Economics, Like Religion, Assumes It Knows Everything
Nick Cassella

That doesn’t make classical and neoliberal economic models worthless though. They’re still fine to describe market dynamics and the interplay of an economy’s sectors to first semester students. They’re also important when it comes to defining terminology and explaining essential economical ideas.

Also, especially in the world of micro economics, there are some universal thruths that are absolutely observable. For example that economies of scale almost certainly lead to a oligopoly or monopoly. Especially when they benefit from a network effect. See social networks, airlines, telco etc.

But what too many people in economics fail to realize: one cannot use simplified mathematical models to make predictions for overall economical developments nor to give political advice nor to even just explain a crisis in retrospect. Only models that are based on complexity theory can actually do that — and this is specifically hard in economics.

Creating models for complex systems involves the creation of rule sets for the decision-making process of a huge amount of individual actors and to then simulate their interactions. It’s the same kind of research that climate scientists use. Just that in the system that they research, the rule set for their actors is comparably stable. But the rule set in economical models must be valid for billions of individual actors and hundreds- of thousands of institutions. Not only are those rules hard to describe in mathematical terms but even worse — those rules are highly situational.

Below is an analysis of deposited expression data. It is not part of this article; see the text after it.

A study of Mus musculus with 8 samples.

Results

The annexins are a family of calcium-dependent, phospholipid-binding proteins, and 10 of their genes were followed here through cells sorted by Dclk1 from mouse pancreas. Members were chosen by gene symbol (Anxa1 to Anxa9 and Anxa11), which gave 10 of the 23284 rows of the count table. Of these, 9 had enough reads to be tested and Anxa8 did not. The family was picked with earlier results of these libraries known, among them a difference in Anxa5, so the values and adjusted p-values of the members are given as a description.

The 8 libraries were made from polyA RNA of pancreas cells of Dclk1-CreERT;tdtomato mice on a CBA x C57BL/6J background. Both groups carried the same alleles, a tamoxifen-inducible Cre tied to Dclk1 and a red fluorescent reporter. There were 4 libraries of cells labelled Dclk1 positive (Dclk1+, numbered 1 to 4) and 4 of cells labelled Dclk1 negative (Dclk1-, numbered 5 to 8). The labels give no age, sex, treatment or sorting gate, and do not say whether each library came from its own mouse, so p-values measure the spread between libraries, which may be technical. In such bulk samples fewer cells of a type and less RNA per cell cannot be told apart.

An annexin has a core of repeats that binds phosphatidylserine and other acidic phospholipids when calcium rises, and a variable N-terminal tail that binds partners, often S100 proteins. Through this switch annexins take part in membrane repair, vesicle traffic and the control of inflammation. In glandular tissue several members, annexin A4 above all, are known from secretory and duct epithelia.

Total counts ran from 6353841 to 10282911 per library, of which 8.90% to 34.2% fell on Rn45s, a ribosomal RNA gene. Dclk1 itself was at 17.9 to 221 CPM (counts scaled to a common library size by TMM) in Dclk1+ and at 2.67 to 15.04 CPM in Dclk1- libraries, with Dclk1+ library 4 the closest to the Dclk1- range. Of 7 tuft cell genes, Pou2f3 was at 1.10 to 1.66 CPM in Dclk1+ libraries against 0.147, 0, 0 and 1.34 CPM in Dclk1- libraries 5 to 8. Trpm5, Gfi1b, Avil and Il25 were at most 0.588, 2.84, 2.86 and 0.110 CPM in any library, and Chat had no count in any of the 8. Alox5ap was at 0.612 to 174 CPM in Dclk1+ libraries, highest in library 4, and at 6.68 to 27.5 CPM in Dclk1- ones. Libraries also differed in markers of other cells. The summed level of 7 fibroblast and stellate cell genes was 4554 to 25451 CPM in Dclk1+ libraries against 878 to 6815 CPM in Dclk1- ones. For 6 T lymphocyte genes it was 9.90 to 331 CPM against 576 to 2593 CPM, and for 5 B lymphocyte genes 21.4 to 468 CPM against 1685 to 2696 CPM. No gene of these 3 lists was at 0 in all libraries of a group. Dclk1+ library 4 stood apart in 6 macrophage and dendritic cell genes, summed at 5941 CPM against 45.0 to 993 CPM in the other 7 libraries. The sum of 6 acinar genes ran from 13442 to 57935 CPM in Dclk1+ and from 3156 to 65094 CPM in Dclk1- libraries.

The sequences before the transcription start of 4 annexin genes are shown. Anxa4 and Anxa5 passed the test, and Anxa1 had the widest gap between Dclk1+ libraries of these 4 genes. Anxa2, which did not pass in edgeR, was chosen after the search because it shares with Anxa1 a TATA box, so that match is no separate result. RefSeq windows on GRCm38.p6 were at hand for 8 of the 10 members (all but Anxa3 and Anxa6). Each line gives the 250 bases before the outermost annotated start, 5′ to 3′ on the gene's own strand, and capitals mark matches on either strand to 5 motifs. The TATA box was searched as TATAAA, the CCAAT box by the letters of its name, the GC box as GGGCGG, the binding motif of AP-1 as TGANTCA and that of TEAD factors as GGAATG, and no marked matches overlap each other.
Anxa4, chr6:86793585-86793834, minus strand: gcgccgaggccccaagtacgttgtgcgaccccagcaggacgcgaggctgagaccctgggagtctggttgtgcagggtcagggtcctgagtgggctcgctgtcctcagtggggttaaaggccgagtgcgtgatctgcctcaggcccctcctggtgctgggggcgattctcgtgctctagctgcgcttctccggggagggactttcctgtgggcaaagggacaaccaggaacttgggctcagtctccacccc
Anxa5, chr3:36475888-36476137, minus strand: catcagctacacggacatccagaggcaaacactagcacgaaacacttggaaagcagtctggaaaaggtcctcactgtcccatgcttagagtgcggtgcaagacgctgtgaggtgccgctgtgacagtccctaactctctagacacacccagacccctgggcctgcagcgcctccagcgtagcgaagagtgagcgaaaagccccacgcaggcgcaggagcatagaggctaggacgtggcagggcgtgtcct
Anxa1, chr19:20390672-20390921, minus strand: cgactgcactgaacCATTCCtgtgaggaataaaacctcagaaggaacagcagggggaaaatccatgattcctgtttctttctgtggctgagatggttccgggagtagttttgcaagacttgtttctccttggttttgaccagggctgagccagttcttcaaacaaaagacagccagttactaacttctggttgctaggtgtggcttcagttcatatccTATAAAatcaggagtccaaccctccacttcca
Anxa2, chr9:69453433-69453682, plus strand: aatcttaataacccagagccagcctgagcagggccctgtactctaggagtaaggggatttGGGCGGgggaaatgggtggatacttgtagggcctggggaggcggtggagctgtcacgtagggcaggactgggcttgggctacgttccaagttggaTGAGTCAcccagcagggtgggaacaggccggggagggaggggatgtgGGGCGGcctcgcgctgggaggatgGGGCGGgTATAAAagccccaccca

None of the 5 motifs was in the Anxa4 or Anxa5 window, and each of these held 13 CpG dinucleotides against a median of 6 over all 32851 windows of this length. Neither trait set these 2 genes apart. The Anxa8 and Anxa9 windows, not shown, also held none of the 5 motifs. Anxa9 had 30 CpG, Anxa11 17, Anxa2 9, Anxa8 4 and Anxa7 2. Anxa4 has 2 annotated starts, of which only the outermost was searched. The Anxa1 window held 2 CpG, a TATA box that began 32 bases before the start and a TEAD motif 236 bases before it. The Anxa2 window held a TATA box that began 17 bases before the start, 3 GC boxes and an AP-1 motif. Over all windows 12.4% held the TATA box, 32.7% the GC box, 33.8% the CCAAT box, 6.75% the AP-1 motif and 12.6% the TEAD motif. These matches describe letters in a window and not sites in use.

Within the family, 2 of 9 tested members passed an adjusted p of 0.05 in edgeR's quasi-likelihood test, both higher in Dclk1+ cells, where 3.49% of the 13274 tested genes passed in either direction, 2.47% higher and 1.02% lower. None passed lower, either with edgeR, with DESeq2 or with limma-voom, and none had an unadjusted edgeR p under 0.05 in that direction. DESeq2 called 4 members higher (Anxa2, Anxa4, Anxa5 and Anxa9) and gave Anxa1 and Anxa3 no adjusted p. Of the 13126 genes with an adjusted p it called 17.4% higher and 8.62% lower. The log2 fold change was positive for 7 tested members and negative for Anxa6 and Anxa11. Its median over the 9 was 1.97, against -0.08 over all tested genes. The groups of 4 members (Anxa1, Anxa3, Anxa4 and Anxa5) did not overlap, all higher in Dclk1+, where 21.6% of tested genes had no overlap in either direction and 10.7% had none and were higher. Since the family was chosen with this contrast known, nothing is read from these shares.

People make economical decisions by entirely different rules when poor or rich, save or in danger, in panic or confident. Dictatorships have different rationalities than democracies. Technology advances all the time in unpredictable speed and reshapes markets faster and faster. With nowadays knowledge and technology it’s basically impossible to find a model that can describe the world’s economical developments today and isn’t total nonsense within 5 years. The underlying rules for economical decision-making on the actor level is simply too volatile.

However, there is some really good stuff in economics with lots of substance. Take theories about market failure for example. It’s a well established and yet well ignored domain of economics. Mostly because it doesn’t fit into many people’s believes that free markets can regulate everything. And that’s where I’m with you. Economists are way too religious in their views and ignore obvious evidence when it doesn’t fit in their picture of the world.